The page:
Zachary Stoner, an independent Chicago journalist, was known for his ability to interview underground hip hop figures and gang leaders in places where mainstream reporters rarely tread. But his 2018 killing shocked his YouTube followers and the journalism community, which roundly condemned it. Although his death was tragic, it went unsolved – until now.
The Associated Press obtained Chicago police records that indicate investigators arrested suspects in the fatal shooting of the videographer, but they were released after the Cook County State’s Attorney’s Office in 2019 decided not to prosecute.
At issue is a controversial legal principle called “mutual combatants” that may have influenced the prosecutor’s decision.
In a brief statement on Oct. 31 to the AP, the prosecutor’s office said “the evidence was insufficient” to file charges, contending that the police agreed.
Stoner, 30, also known as “ZackTV1,” had a huge following on YouTube for his video reports on local gang members and affiliated rappers.
WLS reported in 2018 that a vehicle pulled up alongside Stoner’s Jeep around 1:30 a.m. in Chicago’s Printer’s Row neighborhood and opened fire at the his SUV on May 30, 2018. Two bullet holes shattered the Jeep's windshield, and Stoner was shot in the head. He was taken to Northwestern Memorial Hospital, where he was pronounced dead.
According to the AP, the police in 2018 and 2019 arrested five suspects, age 19 to 22, on probable cause of first-degree murder. They were arrested based on video, eyewitness, cell phone location data and ballistics.
The prosecutor based its decision not to prosecute partly on “inconsistent witnesses” and the killing of two suspects. Another suspect told the police that he “didn’t pull the trigger.”
At the same time, the police said the prosecutor cited the possibility that Stoner’s homicide was a case of “mutual combatants,” the AP reported. Mutual combatants is a legal concept, from an era of prearranged Old West gunfights and duels between noblemen, in which the sides in a conflict agree to fight on equal terms.
But it raises questions about whether Chicago gangs can go unprosecuted if authorities can’t determine who initiated gunfire and who returned fire in self-defense.
In a separate 2021 case, Cook County state’s attorney’s office declined to prosecute five suspected Four Corners Hustlers street gang members on first-degree murder charges. A police report said, “Mutual combatants was cited as the reason for the rejection,” the Chicago Sun-Times reported.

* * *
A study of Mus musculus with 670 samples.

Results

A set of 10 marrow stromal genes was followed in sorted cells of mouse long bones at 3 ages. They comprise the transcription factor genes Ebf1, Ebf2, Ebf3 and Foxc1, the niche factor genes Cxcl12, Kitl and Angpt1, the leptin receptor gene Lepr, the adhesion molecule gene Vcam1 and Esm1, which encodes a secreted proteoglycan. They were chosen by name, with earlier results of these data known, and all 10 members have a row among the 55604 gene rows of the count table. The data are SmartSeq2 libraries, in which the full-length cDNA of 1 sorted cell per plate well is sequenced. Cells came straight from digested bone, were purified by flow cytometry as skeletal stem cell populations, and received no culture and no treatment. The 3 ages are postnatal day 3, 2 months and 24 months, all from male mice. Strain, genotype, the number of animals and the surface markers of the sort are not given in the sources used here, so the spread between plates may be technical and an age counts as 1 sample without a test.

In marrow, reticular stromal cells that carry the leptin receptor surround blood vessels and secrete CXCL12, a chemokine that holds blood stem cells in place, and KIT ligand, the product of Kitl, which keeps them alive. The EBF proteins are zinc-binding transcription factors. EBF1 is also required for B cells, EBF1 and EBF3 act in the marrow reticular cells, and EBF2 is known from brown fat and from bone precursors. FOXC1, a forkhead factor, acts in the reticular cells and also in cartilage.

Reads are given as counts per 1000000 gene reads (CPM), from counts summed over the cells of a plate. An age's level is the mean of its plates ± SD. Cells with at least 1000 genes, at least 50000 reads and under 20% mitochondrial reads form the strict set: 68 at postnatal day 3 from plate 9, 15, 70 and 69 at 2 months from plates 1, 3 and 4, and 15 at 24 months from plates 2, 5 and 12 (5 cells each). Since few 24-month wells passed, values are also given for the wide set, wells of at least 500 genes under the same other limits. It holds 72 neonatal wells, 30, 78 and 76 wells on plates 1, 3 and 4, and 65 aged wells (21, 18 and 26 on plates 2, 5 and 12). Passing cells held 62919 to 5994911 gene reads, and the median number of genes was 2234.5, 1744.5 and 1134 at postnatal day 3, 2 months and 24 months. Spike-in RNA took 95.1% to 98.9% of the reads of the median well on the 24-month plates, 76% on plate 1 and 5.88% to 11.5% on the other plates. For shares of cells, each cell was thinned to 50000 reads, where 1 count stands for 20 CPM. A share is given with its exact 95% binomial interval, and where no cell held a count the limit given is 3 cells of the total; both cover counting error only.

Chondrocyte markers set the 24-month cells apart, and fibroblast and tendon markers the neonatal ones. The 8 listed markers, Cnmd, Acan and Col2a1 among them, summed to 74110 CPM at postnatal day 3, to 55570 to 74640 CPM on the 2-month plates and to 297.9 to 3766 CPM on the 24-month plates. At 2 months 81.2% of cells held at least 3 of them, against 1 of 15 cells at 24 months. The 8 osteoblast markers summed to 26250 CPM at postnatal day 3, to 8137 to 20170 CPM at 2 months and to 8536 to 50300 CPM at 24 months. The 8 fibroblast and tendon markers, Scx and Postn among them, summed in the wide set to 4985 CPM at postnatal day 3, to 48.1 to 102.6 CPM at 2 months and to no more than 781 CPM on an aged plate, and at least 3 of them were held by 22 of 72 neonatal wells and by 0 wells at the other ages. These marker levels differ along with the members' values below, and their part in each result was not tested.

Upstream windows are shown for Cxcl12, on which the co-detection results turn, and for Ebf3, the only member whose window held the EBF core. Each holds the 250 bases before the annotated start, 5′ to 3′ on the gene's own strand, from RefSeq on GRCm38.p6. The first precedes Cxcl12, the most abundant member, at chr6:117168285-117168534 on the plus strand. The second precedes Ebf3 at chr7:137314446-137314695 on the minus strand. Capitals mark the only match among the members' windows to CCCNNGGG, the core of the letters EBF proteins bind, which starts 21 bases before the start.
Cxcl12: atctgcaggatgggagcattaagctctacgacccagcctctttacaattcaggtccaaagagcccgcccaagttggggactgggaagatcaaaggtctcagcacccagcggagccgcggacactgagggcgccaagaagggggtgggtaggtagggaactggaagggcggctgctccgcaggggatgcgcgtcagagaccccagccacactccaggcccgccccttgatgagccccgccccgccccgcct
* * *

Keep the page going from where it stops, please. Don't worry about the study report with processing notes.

Chicago Mayor Lori Lightfoot warned that the prosecutor’s decision could send the city “into chaos,” according to the Sun-Times.
In Stoner’s case, the AP reported that he was at a bar where a rap battle took place on the night of the shooting. A witness said he appeared nervous and walked out of the bar with his friends. At 1:29 a.m., Stoner was gunned down just two blocks from the bar.
Two of Stoner’s friends were passengers in his SUV during the attack. The police believe one of Stoner’s passengers returned fire.
Police documents blacked out the names of Stoner’s passengers. But his friend, rapper Thomas “T-Streetz” Davis identified himself on social media as one of them. Davis and the other passenger have died since the shooting.
According to Reporters Without Borders, Stoner had also received threats connected to his coverage of the death of Kenneka Jenkins, a suburban Chicago woman who was found dead in a hotel freezer. Weeks of speculation had gone around surrounding her death, but nobody was ever charged because investigators determined that she accidentally became trapped in the freezer and died inside.
Stoner had said that he was reluctant to post interviews with her friends because of an unnamed person’s threats, but eventually posted them. Police never determined that Stoner’s killing was connected to his coverage of Jenkins’ death.
It is still possible that the remaining three suspects could be charged in Stoner’s death, the Sun-Times reported. Illinois Gov. J.B. Pritzker signed new criminal justice reform legislation in October that partially changed the “mutual combatants” rule. That still remains to be seen, however.